Photo: Johan Castberg FPSO at Sembcorp Marine in Singapore. (Photo: Equinor)

Repairs on Johan Castberg FPSO hull to delay completion by a year

Norwegian offshore safety regulator has now completed its investigation of the reasons for the challenges faced in constructing the hull and equipment for the Johan Castberg FPSO. Due to these issues, the project is now about a year behind schedule.

The Petroleum Safety Authority Norway (PSA) said on Tuesday that serious breaches of the regulations have been identified and Equinor has been issued with an order.

Johan Castberg lies in the Barents Sea, 240 kilometres north-west of Hammerfest. The field is being developed by Equinor with a floating production, storage and offloading (FPSO) facility and subsea templates tied back to this.

Operator Equinor awarded the contract to build the hull with integrated living quarters to Singapore’s Sembcorp Marine (SCM) in November 2017. The planned date for coming on stream in the original plan for development and operation (PDO) was the fourth quarter of 2022.

The PSA became aware of weld-quality errors in the Johan Castberg FPSO hull in the first half of 2020. The safety authority said that extensive repair work is required.

In September 2020, an investigation was launched by the PSA to identify the reasons for the challenges in constructing the hull and equipment.


The oil company said in April 2021 that the hull was scheduled to be transported to Stord on board the Boka Vanguard heavy-lift vessel in late 2021. However, due to the Covid-19 pandemic, there is still uncertainty to all schedules.

Causes

According to the PSA, a number of causes for these challenges have been identified by the investigation.

Namely, SCM was a new fabrication contractor for Equinor. The operator had not previously used SCM for newbuilding of offshore production facilities. This yard’s experience was primarily with ship repair.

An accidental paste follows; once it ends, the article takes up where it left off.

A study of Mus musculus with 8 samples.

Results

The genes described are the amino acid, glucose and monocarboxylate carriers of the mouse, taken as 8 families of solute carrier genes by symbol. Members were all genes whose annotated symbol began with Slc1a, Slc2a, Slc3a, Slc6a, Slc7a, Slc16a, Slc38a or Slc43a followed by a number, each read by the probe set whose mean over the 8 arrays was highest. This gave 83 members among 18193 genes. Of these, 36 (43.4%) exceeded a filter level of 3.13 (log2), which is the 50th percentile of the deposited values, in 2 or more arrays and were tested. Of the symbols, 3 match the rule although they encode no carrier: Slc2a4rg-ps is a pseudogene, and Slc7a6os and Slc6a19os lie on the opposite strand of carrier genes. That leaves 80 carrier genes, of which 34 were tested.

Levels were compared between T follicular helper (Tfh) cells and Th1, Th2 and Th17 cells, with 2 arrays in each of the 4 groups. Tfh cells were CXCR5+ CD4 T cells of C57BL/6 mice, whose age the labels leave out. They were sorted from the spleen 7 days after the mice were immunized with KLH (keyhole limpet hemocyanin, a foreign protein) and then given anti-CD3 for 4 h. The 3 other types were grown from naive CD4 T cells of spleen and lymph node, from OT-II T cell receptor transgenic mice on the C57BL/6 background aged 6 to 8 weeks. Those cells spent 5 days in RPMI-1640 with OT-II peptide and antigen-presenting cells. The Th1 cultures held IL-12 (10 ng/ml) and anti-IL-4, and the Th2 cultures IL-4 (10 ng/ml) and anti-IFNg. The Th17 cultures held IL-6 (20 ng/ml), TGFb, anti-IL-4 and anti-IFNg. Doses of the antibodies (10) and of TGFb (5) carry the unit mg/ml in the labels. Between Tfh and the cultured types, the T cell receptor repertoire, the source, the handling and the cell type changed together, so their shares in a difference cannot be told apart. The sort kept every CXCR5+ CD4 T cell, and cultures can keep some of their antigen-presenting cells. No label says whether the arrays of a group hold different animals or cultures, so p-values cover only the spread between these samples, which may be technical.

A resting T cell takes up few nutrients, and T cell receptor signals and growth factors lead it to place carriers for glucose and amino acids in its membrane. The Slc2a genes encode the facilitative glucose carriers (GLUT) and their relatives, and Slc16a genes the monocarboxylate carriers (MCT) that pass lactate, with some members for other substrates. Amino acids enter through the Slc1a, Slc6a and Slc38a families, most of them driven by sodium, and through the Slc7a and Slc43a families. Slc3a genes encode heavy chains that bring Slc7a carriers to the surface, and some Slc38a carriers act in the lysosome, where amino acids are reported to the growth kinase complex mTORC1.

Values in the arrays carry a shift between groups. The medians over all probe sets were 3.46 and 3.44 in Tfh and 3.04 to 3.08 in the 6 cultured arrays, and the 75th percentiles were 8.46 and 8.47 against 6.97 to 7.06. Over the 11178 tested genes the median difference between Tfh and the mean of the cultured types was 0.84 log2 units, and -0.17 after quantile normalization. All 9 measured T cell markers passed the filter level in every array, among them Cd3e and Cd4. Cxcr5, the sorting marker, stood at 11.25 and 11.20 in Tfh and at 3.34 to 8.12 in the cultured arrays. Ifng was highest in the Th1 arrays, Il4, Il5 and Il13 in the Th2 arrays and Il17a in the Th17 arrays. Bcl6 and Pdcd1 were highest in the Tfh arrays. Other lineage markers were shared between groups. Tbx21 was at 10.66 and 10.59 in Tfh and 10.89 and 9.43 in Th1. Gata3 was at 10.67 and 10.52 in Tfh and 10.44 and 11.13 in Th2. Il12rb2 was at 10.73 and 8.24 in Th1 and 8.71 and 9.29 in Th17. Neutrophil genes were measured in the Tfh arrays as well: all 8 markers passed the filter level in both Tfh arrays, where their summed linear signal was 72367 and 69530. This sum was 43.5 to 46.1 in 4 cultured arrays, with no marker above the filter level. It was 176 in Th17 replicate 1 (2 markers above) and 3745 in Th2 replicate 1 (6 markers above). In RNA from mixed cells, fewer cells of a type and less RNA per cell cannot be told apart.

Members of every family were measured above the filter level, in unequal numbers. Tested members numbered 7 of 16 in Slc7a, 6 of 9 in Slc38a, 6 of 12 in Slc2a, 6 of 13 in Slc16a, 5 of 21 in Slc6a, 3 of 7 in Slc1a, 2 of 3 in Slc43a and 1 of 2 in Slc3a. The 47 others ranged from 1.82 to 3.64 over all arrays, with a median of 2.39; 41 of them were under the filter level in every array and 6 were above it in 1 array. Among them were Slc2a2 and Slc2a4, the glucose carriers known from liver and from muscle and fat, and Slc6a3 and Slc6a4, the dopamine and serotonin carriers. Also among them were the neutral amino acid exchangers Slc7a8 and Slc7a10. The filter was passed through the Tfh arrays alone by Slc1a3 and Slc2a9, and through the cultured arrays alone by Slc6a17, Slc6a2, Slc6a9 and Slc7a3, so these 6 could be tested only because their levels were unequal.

Furthermore, there have been some changes in construction sites. The contract specified that fabrication and assembly should take place at the Tuas Boulevard Yard. During the first construction year, fabrication of the living quarters and some of the hull modules was transferred to three other yards.

Another issue was related to project organisation. Equinor’s follow-up of the construction contract rested on a desire for a lean project organisation, although the company was aware of the quality, capacity, and expertise challenges at SCM.

The safety authority also said that SCM underestimated the scope of front-end engineering design (Feed), but milestones were nevertheless maintained. 

The PSA added that welding expertise and quality control at SCM were inadequate. Equinor failed to get to grips with this problem early enough, and the project’s governing inspection and test plan was not complied with.

Finally, several identified risks remained unresolved over a long period, and the seriousness of some increased during the project period. Quality challenges related to welding and consequent delays were initially escalated out of the project and into enterprise risk in connection with the Covid-19 pandemic.

Illustration of the Johan Castberg FPSO. Source: Equinor
Illustration of the Johan Castberg FPSO. Source: Equinor

Repairs to delay completion by a year

The safety watchdog stated that quality challenges meant that the scope of inspecting Johan Castberg hull welds increased to 100 per cent, and associated repairs will delay completion by about a year.

The project is now expected to come on stream in the fourth quarter of 2023, with a consequential reduction in present value as a result of delayed earnings.

According to the PSA, inspection and repair cannot compensate for inadequate welding expertise. Full inspection of all welds is impractical, nor is it technically feasible for inspection to identify reliably all defects which might be present.

Where details and areas are accessible for inspection and repair, some increase will be experienced in the expected need for maintenance and repair. Inaccessible details and areas will have a lower structural reliability than would have been the case if the welding had been done by competent personnel.

The investigation has identified four nonconformities related to risk reduction, management of project execution, qualification and follow-up of the contractor, and application of experience in dimensioning own follow-up.

Two improvement points have also been identified, related to information to the licensees and verification of fatigue analyses.

The PSA has, therefore, issued Equinor with an order to review its systems for identifying risk in critical deliveries and for dimensioning its follow-up of suppliers to its projects, and to implement the necessary measures.

The deadline for compliance with the order is 1 October 2021 and the safety authority must be informed when the order has been complied with.